In my chapter in the newly published book The Experience of Leadership by Fred Stuvek Jr., I emphasize the importance of being prepared to lead, regardless of whether you plan or desire to be a leader. One of the rules-of-thumb I discussed is the value in reflecting and being introspective. Here is an excerpt:
Carla was great at her job but did not interact much with her office colleagues. She was often the last to know new information about what was happening in the organization. Every day she brown-bagged her lunch and ate alone at her desk. Others also brown-bagged but ate together in the conference room. After reading about informal networks in the workplace and their impact on work, Carla reflected on the brown bags. She knew that she tended to be introverted and liked the quiet lunch in her office, but she wondered if it might be better to join the others in the conference room. So she tried it and to her surprise through others she became more in the loop at the office. As a result she became even better at her job.
I developed this habit of reflecting and being introspective in my youth and have continued through a lifetime. Emerging from these moments have been insights which I bounced off close friends. I have not always been successful in being a better me but taking the time to think about situations and actions increased my effectiveness. The best leaders have self-knowledge. Know yourself.
There is also a benefit to taking time to reflect and think about where you are going. As an adult I made goals and have reviewed and revised annually. This holds true also in leading organizations. We have a tendency to be reactive, not proactive.
As a young officer I realized I was spending my days reacting, not planning. I could not get ahead of the curve. One day when I came to work, I told my secretary I did not want to be disturbed, to hold all calls unless from they came from very high in my chain of command. I went into my office, closed the door, and spent the entire day in my office thinking about our mission and what my part of the organization was really about. That day I developed an idea of where I wanted us to go and how we might get there. At the next meeting with my teams, I shared my thoughts, got their thoughts and feedback. Working together, we focused on more effective, meaningful training. With better skill sets came more success at our primary mission. And with that came promotions and recognition for my teams. If you understand your priorities, you make time to reflect – on your work and your life.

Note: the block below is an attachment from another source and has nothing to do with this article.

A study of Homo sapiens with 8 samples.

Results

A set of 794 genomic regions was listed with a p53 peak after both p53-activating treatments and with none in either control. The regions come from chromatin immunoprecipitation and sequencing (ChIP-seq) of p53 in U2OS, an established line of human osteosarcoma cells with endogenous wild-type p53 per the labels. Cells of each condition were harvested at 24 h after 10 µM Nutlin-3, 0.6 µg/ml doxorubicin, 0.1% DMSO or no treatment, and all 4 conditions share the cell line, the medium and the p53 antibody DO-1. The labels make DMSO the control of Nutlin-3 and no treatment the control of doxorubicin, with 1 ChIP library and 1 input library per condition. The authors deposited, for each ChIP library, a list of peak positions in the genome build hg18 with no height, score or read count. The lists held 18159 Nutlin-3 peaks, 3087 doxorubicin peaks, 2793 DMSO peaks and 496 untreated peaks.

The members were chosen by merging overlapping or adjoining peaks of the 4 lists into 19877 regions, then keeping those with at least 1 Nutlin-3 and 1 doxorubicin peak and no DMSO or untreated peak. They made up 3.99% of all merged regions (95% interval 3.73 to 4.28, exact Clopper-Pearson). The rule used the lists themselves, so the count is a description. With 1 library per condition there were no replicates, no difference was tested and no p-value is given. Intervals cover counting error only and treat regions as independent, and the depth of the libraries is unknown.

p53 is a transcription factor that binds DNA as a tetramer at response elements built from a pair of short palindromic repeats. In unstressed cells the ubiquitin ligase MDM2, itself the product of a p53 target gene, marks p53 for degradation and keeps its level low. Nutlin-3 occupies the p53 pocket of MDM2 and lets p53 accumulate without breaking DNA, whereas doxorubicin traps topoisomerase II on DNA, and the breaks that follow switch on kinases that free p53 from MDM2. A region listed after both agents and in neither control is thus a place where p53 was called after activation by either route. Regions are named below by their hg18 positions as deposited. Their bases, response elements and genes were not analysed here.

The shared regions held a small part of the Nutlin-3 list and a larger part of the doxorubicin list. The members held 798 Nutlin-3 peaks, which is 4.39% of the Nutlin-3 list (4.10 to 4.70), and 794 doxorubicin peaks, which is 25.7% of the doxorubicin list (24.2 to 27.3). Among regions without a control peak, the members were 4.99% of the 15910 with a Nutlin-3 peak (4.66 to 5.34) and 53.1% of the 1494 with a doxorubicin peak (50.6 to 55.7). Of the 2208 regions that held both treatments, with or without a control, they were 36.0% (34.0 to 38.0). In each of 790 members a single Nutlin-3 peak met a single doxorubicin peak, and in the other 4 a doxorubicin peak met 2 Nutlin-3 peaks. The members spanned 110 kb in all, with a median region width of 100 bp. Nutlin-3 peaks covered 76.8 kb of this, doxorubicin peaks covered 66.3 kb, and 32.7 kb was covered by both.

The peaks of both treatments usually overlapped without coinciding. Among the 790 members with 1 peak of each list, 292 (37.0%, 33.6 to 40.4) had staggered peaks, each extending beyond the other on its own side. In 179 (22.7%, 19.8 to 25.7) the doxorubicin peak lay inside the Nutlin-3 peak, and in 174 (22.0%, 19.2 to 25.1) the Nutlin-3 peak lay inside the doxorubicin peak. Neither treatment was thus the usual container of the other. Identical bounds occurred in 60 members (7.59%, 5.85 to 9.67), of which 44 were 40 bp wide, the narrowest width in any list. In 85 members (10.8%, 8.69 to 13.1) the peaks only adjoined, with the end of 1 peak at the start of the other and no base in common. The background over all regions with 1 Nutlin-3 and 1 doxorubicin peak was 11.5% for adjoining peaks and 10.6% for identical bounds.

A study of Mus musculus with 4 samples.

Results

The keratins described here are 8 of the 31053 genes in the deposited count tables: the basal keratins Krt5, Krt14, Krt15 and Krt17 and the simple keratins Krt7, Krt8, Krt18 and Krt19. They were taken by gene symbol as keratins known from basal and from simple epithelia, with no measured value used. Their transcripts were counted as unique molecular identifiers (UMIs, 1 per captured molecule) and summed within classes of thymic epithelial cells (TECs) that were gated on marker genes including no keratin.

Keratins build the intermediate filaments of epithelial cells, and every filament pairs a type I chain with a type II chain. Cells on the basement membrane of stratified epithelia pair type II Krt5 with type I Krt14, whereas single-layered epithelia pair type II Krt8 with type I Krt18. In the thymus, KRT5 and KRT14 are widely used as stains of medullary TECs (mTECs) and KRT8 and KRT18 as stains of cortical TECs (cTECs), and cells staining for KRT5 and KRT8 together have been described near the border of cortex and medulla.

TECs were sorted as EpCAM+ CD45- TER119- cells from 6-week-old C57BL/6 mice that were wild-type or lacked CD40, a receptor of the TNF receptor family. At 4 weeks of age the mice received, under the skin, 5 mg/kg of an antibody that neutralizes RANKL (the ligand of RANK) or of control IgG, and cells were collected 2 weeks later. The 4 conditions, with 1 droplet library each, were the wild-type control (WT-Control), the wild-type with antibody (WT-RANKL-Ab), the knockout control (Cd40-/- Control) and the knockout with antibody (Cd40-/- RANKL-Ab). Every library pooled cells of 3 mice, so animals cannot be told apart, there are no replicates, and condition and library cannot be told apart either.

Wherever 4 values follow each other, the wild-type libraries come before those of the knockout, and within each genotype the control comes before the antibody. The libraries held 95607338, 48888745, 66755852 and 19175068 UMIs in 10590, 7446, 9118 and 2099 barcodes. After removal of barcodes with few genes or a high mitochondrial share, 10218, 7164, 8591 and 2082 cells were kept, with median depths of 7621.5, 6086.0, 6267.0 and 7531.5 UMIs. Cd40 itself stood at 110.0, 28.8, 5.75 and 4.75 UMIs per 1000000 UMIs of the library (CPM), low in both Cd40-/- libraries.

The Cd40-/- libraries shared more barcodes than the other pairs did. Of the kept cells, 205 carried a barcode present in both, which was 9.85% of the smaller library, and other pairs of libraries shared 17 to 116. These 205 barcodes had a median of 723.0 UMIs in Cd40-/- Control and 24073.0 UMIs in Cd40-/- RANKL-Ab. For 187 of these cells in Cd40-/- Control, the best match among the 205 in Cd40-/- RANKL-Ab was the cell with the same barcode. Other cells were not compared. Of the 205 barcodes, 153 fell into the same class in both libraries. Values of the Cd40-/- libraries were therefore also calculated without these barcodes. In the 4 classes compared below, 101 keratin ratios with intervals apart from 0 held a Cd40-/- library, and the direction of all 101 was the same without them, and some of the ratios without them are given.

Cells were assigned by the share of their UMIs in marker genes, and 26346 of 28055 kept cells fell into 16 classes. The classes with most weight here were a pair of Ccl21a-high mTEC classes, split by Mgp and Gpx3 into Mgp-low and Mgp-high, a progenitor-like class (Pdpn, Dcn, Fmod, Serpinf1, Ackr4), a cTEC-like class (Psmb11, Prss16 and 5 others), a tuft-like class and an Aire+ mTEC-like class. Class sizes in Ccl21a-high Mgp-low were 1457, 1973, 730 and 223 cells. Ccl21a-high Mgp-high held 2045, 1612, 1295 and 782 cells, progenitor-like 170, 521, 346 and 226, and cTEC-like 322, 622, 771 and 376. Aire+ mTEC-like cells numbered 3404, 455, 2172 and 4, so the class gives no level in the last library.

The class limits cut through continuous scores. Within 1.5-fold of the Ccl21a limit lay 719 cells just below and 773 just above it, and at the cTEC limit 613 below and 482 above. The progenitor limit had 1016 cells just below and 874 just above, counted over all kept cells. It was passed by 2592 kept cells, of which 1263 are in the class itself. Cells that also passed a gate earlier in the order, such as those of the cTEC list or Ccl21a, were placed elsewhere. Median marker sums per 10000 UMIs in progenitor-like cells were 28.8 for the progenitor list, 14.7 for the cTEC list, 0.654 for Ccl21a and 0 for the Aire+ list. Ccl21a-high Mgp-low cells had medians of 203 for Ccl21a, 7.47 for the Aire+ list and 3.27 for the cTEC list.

Ballard, J. (2021). Be prepared to lead. In F. Stuvek, Jr., The experience of leadership: Proven examples from successful leaders (pp. 79-94). Triumvirate.
Ballard, J. (2015). Decoding the workplace: 50 keys to understanding people in organizations. Praeger.
Image modified from media kit for The Experience of Leadership courtesy of Fred Stuvek Jr.
Blog © John Ballard, PhD, 2021. All rights reserved.
Decoding the Workplace “Is this a must-have for managers and would-be managers? Yes.” Academy of Management Learning & Education, June, 2018. Available as ebook, hardback, paperback, audiobook, and audio CD. The best-selling audiobook and CD are narrated by Timothy Andrés Pabon.